A new study has found that some older Irish emigrants may have left the country because they suffered abuse.
According to the Irish Independent, new research indicates there have been significant differences in the life experiences of earlier generations of emigrants, with many more developing problems with alcohol and later feeling socially isolated when they returned to Ireland.
When the Economic and Social Research Institute study examined the causes and consequences of migration amongst Irish people aged 50 or over (most of whom would have emigrated between the 1950s and the 1980s) it found that a much higher proportion of these now returned emigrants had suffered physical or sexual abuse in childhood compared to those who never left Ireland.
Some 16 percent of men who had been away for up to a decade had experienced abuse compared with 10 percent of those who never left, while amongst returned female emigrants it was one in eight, compared with one in 12 of women who remained in Ireland.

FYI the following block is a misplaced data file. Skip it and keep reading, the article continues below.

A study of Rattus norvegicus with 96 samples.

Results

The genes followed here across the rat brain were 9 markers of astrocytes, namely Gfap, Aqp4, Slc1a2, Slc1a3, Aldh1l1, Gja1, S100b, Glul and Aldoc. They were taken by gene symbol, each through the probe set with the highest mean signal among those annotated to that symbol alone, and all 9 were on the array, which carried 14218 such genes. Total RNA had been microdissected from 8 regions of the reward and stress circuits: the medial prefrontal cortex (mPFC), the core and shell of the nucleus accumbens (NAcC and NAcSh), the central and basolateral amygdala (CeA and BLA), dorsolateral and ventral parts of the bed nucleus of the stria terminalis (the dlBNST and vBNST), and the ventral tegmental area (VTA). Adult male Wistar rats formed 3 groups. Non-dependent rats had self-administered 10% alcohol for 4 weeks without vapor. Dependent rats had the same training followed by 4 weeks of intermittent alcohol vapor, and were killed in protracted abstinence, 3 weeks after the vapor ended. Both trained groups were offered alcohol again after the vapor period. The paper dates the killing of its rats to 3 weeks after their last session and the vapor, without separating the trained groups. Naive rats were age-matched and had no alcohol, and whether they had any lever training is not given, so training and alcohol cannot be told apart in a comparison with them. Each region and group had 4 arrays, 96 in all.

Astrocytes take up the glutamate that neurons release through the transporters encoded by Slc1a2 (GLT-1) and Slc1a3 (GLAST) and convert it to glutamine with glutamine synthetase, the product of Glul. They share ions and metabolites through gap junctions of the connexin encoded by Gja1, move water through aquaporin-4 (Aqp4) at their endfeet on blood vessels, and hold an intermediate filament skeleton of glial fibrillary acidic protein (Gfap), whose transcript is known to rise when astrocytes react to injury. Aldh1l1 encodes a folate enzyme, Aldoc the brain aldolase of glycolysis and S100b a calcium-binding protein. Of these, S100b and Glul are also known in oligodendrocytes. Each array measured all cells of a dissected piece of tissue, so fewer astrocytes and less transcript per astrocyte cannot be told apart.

The study found that significantly more male emigrants reported that their parents had had drug or alcohol problems.
Meanwhile, up to 15 percent of male emigrants reported an alcohol problem compared with 7.6 percent of men who never left Ireland.
But female emigrants who stayed away from Ireland for over ten years were less likely to develop a drink problem than women who stayed, which the report reportedly said suggested a 'favorable migration experience.'
A contributing factor may be that for Irish women of earlier generations, emigration had allowed them a level of economic independence not available to those who had stayed.
The new study also found worryingly high levels of social isolation amongst emigrants who returned to Ireland.
Some 30 percent of men who remained in Ireland all their lives reported being socially isolated to some extent, but this rose to between 45 percent and 62 percent of returned emigrants.
The survey of over 8,000 people aged fifty and over in Ireland found that 24 percent of men and 21 percent of women had lived abroad for at least six months, while close to half of them had stayed away for at least ten years.